Major General Henry Prevost Babbage. From crediting the Science Museum, London.

Major General Henry Prevost Babbage. From crediting the Science Museum, London.

Charles Babbage’s son Henry Prevost Babbage completed and published his father’s unfinished edition of writings on the Difference Engine No. 1 and the Analytical Engine, together with a listing of his father’s unpublished plans and notebooks. These appear under the title of Babbage’s Calculating Engines.

This work was the principal source of information for the technical operation of Babbage’s Difference and Analytical engines. Toward the end of his life, Charles Babbage began assembling his own and other’s previously published writings on his Difference and Analytical Engines with the intent of publishing a history of his work designing the machines, and descriptions of the way that the machines would operate. However, Babbage died before he could accomplish this task. He had the first 294 pages of this work typeset and printed on slightly varying qualities of paper during his lifetime. The differences in the paper used for portions of the work would suggest that sections were printed intermittently rather than all at one time. It would appear that Babbage’s purpose in producing this work was to collect the most significant published writings on his calculating engines, most of which had appeared as obscure pamphlets or in little-read journals, together with a listing of what remained unpublished, including all of Babbage’s notebooks and engineering drawings (listed on pp. 271-294), in the hope that his unfinished projects might be completed at some future date.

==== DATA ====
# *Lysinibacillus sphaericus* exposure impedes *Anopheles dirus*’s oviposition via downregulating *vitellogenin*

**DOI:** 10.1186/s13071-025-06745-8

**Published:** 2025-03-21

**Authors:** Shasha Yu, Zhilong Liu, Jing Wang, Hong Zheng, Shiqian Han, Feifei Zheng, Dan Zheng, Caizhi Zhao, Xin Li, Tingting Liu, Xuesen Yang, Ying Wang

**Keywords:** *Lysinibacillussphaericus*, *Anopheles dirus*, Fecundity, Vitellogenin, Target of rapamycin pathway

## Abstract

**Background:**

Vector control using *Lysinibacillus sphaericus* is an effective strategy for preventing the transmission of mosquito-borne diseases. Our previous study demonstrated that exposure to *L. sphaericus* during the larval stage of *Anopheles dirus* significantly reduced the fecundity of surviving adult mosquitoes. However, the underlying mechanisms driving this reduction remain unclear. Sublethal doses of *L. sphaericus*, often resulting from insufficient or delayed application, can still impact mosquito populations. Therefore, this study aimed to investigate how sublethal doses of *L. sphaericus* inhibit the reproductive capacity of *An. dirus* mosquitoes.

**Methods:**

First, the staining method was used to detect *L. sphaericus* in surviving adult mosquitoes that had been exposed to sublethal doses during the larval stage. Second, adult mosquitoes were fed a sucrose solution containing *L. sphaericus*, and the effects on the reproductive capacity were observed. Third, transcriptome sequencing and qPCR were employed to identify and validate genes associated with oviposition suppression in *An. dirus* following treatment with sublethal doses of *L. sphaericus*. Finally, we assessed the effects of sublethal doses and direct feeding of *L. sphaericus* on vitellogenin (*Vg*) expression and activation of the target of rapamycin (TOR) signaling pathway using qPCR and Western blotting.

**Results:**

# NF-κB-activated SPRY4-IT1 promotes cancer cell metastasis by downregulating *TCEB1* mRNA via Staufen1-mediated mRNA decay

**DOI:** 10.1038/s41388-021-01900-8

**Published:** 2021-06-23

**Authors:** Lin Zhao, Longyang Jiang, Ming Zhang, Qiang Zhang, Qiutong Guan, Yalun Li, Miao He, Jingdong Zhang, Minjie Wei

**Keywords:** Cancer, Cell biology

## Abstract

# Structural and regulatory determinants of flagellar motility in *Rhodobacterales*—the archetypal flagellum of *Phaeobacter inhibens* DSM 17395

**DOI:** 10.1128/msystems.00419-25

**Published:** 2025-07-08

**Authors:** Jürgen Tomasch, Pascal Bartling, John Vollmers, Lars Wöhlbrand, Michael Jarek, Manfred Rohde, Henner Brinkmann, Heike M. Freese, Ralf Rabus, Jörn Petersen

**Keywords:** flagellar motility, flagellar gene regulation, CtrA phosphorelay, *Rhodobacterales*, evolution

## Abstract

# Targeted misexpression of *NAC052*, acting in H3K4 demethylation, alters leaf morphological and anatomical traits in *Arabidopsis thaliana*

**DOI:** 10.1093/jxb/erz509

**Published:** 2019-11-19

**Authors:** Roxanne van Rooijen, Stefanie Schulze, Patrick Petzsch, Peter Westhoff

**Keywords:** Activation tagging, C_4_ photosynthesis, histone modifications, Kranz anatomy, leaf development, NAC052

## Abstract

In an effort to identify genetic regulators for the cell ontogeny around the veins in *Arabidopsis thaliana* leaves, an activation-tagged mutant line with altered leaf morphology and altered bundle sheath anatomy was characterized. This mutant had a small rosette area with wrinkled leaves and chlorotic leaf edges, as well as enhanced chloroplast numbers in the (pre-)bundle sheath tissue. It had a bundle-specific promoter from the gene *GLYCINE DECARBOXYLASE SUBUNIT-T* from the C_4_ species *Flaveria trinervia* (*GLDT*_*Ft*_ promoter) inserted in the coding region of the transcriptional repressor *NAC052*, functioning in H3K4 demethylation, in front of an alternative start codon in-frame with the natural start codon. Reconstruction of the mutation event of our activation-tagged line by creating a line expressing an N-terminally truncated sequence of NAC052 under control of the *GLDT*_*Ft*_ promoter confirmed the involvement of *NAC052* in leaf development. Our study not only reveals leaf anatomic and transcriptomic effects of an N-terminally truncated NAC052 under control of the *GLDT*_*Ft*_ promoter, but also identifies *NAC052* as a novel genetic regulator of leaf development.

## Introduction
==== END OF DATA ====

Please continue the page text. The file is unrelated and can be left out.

Almost twenty years after Babbage’s death, his youngest son, Major-General Henry Prevost Babbage, to whom Babbage had bequeathed his parts for his calculating engines, and everything else pertaining to them, completed the book, incorporating the printed sheets that Babbage had produced along with concluding material, reflecting his own frustrated efforts to effect realization of Babbage’s engines. Were it not for this volume, and for the bibliography of Babbage’s works published both here (on the last three printed pages of the book) and in Babbage’s autobiography, Babbage’s achievements might have been forgotten. Henry Babbage also completed six small demonstration pieces of the Difference Engine No. 1, and in 1910 at the age of 86, Henry Babbage also completed an experimental four-function calculator for the Mill for the Analytical Engine.  This was the only portion of the Analytical Engine that was ever produced in metal.

As it turned out Babbage’s designs were not implemented until the 20th century because in the era of human computers there was no pressing need for the machines that Babbage envisioned and designed. Yet because of these published works, Babbage’s ambitions and his ideas remained alive in the minds of people working in mechanical computation long after his technology had fallen into obsolescence. When Vannevar Bush suggested in 1936 that electromechanical technology might be the way to realize “Babbage’s large conception” of the Analytical Engine, he cited this volume among his references; and in building the electromechanical Harvard Mark I, Howard Aiken saw himself fulfilling Babbage’s ambition. However, some experts have inferred that Aiken’s knowledge of Babbage’s work may have been limited to what he read in Babbage’s autobiography, Passages from the Life of a Philosopher, as Aiken did not include conditional branching in the design of the Mark I—a key idea that Babbage designed into the Analytical Engine.

Hyman, Charles Babbage, Pioneer of the Computer, 254. Van Sinderen, Alfred W. "The Printed Papers of Charles Babbage" Annals of the History of Computing, 2 (April 1980) 169-185 mentions in item CB80, that Babbage listed a History of the Analytical Engine as being “in the press” in 1864.